Realities of Managing Change

I am sure that many of you are aware that GMail has undergone a major change and it will be pushed to all users in the next few months (details of when seems to vary – August or October). I have been using Google Inbox for a while now and love it because of some of the features such as easy access to add reminders, snoozing emails, the nudges and auto response (handy when I am driving – I respond this way only when I am stopped at a light otherwise it is by voice!). The new Gmail incorporates all of these and a few more. I am beginning to use the new GMail now because Inbox has lacked some of the features of GMail.

This change is going to be pretty disruptive to a lot of our users and we are preparing to handle it as best as we can. Frankly, those of us who use smartphones see changes to apps on a regular basis and one would think that everyone is used to it now. Absolutely not! Change is complicated – all of us like some changes, but not all; the same change is liked by some but not others. Those of us who are in the business of providing services need to handle this on a regular basis and it is extremely hard.

The best we can do is to minimize the stress that is caused by change. First and foremost we need to anticipate as much as possible what a change, either to a technology or process, means to our users. This empathy is critical to be able to manage change, but is extremely hard. No change affects all users the same way, some will be impacted more than the others. Understanding this requires a strong connection to how a process or technology is used by everyone at the institution. Even though we are a small institution, this is a nearly impossible task and only when you go through a change you discover all different ways in which a particular system is used!

Which leads to being prepared to handle these situations on the fly. In a few cases you need to make the case as to why the change to the new system is better by providing reasons. For example, in case of finance, the new process may be more compliant with regulations. One would think it is a convincing argument, but, the user may differ. In other cases, we may have to find alternatives to assist the users because we ourselves see that what the user is doing is better than what the system is able to do. Using appropriate judgement to decide where to do what in these cases is important.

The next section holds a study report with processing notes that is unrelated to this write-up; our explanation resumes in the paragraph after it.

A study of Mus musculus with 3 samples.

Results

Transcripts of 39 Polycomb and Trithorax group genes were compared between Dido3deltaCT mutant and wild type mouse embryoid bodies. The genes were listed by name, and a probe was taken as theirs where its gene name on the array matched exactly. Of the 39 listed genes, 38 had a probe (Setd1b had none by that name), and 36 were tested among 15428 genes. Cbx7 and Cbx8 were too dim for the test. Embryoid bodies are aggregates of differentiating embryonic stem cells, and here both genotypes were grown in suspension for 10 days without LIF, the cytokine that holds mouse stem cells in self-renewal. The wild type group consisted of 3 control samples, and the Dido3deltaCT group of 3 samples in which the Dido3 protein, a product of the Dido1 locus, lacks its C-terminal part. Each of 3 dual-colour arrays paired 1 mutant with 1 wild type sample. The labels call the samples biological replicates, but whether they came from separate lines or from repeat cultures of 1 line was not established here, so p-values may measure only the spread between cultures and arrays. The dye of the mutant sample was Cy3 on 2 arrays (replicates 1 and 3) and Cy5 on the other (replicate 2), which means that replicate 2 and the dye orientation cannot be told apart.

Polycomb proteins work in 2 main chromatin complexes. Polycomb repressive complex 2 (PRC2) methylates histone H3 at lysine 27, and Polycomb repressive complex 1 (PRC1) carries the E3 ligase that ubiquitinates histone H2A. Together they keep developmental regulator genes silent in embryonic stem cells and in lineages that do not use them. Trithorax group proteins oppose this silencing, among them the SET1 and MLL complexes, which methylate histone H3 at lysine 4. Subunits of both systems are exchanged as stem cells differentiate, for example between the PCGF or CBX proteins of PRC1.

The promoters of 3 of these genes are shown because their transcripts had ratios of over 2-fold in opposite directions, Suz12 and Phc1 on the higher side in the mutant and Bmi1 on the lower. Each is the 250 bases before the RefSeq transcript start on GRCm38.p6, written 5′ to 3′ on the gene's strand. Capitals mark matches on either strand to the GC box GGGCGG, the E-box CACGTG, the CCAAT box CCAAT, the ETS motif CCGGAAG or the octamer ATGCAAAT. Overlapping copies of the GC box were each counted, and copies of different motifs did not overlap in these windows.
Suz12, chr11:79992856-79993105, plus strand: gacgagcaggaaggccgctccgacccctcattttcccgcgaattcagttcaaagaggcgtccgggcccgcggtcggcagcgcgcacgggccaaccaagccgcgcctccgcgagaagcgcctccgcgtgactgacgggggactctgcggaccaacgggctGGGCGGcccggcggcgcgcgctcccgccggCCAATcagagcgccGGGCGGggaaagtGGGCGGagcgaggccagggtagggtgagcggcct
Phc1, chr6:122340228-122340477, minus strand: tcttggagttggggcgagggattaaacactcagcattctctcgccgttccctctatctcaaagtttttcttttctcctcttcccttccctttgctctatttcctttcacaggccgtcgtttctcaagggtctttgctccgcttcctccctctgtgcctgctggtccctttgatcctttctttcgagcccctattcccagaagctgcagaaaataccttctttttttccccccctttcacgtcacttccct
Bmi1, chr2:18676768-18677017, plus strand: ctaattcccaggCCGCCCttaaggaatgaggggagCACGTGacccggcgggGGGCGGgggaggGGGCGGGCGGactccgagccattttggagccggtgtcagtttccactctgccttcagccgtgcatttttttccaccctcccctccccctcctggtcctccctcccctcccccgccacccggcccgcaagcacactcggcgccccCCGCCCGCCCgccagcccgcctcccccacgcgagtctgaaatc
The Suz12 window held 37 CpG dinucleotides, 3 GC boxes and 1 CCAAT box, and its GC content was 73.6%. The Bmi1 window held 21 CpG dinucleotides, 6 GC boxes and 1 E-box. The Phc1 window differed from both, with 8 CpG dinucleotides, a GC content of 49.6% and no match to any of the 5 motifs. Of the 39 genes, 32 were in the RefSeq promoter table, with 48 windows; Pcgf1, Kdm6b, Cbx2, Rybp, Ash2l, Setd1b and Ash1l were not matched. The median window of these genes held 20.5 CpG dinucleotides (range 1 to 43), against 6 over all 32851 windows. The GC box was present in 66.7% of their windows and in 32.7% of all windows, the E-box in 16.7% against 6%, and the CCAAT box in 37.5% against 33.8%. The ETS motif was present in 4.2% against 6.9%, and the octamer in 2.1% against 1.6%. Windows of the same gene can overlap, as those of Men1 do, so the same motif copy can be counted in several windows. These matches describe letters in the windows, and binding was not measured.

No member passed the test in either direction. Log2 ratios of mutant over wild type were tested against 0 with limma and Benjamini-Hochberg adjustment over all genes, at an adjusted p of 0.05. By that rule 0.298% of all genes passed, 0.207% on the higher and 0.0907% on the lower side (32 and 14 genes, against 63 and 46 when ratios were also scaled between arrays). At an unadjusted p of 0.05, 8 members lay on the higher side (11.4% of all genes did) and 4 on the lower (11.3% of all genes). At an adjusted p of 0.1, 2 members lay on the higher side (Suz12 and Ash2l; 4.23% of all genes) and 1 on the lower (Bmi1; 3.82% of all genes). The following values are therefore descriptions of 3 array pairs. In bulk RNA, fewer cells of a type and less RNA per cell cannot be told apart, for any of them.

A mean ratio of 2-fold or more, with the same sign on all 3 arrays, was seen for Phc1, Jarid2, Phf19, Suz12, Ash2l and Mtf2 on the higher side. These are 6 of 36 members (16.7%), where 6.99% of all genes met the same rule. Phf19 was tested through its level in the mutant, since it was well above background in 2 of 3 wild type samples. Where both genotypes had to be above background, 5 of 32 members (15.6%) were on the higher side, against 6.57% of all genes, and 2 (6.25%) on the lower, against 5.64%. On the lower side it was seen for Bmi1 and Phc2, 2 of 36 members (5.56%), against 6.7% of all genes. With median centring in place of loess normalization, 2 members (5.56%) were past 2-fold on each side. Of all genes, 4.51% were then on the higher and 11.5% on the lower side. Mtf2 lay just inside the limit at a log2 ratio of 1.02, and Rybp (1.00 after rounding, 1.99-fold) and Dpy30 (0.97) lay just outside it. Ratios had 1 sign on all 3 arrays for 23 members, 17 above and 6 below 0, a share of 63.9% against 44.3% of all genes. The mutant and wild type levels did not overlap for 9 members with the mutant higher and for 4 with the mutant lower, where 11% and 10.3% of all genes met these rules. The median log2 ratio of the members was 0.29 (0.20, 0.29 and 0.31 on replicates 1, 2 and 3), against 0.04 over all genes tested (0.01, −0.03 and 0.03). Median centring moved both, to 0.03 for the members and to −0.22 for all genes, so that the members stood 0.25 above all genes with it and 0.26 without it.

Communicating with the users well in advance and all through the change and even after, is extremely important. Doing this effectively is a huge challenge. If you bombard them with too many emails, no one will care. If you don’t do enough, you will hear complaints. Effectively communicating requires a good understanding of which method works for who the best and what is the optimal frequency. We also need to guard against competing with other campus communications that may be equally important.

Training is another one that we should never minimize. We should plan to offer as many sessions as we feel will be needed and have an agile plan to shape it based on what is working and what is not working. We continue to try different methods here and whereas group training works for some audience, one on one is the best for many others and you can imagine the resource drain that this causes. But it is important to plan and execute this correctly.

Now, the realities. Despite the fact that we plan for all of these, we will fall short in the end because, as I said before, with such diverse user population, it is impossible to anticipate all different variations on the theme. So, setting realistic expectations is critically important, especially for the morale of the staff who manage these changes. When we implement changes we tend to plan well and we mean well, but it may appear unplanned and chaotic to our users. Accepting that such reactions are reality and learning to take those comments in stride and being focussed on accomplishing the goals is hard, but needs to be done.

Finally, every change provides a tremendous learning opportunity – what is it that we did well that we can build on, but more importantly, what was overlooked and how can we handle those better the next time around. Accepting publicly that we could have done certain things better is not a sign of failure by any means, but at the same time, it is also OK to celebrate what we did better!